Bringing Montessori into the Home.

Bringing Montessori into the Home.

My son will be “graduating” from Montessori to matriculate to pre-K at his sister’s school this May, and, while I’m excited for this transition for many reasons, I am also wistful about closing the door on our Montessori years. If you’ve been reading for awhile, you know that I love the Montessori way (my siblings and I all attended Montessori, as have all of my nieces and nephews — and my mother was a Montessori school teacher for many years). I’m specifically drawn to its emphasis on scaffolding independence and cultivating “grace and courtesy” in the way we interact with our environments and one another. I have learned so much from Maria Montessori, and have consciously and subconsciously adapted our home life to borrow from her principles. For example, we try to keep almost everything the children need to use on a daily basis “at eye level” so they can help themselves — we have a drawer for their cups/plates/bowls/water bottles that they can access; approved snacks (apples, yogurt pouches, granola balls, etc) reachable; books in bins or low-to-reach shelves; lower cupboards with crayons, markers, and papers at their disposal, etc. Their shoes go into a bin they can reach; their backpacks and coats hang on pegs they can easily get to. None of this is groundbreaking, but I have been intentional about these arrangements over the years. Looking around our home makes me realize that even though we won’t be sending our children to Montessori after this May, we can still practice its methodology in our home. My friends at Cloud Montessori have some great tips and prompts to do so if you are interested. They profiled me and some of my thoughts on raising my children “the Montessori way” a year or two ago, and I’ve been hooked on their account since.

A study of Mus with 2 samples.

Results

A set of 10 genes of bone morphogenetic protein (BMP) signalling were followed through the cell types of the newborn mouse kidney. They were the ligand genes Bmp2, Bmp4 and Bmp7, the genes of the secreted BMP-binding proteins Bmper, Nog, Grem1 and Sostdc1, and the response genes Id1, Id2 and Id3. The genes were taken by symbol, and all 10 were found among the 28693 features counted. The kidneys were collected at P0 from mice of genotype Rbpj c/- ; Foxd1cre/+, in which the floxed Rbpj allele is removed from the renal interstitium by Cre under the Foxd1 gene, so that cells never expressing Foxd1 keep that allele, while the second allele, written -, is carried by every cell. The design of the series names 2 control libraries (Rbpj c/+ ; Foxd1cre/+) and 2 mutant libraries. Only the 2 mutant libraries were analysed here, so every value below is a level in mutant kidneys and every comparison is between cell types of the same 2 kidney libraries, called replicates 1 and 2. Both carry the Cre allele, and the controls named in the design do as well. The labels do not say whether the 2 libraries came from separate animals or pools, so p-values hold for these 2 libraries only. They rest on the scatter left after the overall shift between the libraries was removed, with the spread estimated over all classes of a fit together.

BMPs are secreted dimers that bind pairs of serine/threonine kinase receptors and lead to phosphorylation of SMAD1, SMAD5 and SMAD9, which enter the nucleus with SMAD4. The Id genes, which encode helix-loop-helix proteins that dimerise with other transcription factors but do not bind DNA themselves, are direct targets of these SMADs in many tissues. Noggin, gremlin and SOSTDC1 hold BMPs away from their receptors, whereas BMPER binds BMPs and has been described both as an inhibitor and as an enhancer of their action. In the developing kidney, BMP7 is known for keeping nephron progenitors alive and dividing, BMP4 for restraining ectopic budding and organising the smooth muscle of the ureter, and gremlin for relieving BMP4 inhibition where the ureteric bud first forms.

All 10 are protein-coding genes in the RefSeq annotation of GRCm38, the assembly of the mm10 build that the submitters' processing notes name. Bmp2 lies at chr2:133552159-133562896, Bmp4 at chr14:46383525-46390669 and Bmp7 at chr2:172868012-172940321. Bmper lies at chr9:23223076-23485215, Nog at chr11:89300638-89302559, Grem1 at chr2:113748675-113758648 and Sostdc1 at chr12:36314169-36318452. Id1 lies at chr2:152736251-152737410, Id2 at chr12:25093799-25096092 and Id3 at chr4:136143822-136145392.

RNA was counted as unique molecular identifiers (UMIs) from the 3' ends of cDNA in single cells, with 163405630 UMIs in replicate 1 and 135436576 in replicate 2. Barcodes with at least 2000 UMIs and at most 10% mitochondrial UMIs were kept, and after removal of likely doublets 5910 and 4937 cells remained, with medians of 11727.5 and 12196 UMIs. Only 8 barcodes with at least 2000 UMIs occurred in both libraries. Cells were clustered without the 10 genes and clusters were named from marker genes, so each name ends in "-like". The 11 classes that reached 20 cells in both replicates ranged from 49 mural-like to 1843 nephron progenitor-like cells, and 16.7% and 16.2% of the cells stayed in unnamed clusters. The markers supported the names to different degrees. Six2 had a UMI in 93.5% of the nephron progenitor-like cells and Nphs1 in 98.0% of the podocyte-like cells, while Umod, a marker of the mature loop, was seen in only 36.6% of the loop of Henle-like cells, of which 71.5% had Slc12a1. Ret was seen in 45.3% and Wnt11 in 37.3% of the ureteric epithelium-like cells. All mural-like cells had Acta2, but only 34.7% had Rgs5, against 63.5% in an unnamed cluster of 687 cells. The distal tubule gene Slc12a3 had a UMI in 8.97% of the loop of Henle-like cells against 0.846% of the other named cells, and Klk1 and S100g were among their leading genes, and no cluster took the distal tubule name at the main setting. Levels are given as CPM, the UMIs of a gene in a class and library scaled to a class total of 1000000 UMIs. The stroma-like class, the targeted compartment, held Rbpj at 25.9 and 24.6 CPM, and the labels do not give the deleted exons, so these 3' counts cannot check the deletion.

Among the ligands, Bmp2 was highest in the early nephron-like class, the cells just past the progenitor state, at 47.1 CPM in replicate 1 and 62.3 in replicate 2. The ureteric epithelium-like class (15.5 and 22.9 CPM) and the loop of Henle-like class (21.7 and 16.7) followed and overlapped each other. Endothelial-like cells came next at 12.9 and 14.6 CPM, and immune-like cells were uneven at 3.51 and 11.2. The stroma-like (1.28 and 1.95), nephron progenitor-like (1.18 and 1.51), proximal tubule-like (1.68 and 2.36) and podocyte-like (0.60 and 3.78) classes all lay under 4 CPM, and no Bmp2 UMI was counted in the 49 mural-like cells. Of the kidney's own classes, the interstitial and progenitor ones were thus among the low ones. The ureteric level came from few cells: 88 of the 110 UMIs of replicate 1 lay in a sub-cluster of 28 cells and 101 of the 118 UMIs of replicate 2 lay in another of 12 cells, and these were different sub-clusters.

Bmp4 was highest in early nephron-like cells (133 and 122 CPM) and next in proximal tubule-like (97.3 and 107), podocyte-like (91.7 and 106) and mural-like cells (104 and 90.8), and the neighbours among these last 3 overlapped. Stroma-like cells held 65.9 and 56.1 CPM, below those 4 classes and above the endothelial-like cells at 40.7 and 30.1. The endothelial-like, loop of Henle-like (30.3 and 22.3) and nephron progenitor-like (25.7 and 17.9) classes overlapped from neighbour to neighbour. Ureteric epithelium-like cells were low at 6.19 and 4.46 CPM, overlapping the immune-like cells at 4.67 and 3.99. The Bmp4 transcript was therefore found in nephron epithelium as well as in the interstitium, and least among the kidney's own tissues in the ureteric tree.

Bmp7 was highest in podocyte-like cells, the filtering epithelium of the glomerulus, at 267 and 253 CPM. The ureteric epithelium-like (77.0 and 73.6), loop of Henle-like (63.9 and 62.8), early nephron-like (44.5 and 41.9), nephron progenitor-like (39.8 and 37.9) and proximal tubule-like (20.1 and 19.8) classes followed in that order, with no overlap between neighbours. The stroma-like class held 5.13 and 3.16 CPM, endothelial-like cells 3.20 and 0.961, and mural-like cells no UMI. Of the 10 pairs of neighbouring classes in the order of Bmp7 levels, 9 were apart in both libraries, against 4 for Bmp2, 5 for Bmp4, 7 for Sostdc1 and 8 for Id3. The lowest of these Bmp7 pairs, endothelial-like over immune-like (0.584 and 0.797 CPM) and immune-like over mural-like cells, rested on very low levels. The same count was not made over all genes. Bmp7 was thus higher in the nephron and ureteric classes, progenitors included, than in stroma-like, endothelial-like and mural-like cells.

Below, some great tools and ideas to embed elements of her philosophy at home. Bonus: all of them are attractive. Part of the Montessori approach is to give children real things, or miniature versions of real things, as opposed to “things marketed to children.” So, for example, children learn to pour from glass, and use simple wooden trays, and use silver cutlery versus plastic rubbery alternatives. I could never quite accept my children handling glass in our home but I do give them these stainless steel mini pitchers for pouring milk into cereal/oatmeal themselves. I especially love the model’s emphasis on giving children defined workspaces — in the classroom, these are usually woven mats on which they complete their “work.” This has translated into our home in so many ways, but especially in the way we use trays for sensory play and art projects. I find it’s really helpful that they have a delimited area in which to honor the work they’re doing with their hands.

01. LOCKER // 02. BROOM AND DUST PAN // 03. WOVEN BINS // 04. LIDDED BINS // 05. MINI WATERING CANS // 06. WOODEN TABLE AND CHAIRS SET // 07. NUMBERS WALL HANGING // 08. CUBBY SET // 09. CUPS SET // 10. WOVEN MAT // 11. MINI PITCHER // 12. CUTLERY SET // 13. BROOM // 14. PEG COAT HOOK SET // 15. MEALTIME MATS // 16. WOODEN TRAY SET // 17. TEAK STEP STOOL // 18. SCANDI CLOTHING RACK

P.S. The surprisingly emotional last day of mini’s Montessori program up in New York. Whew. I still get verklempt when I think of it.

P.P.S. My son’s matriculation to Montessori totally caught me off guard. I was a wreck for a good week.

P.P.P.S. Children’s products we love and use daily.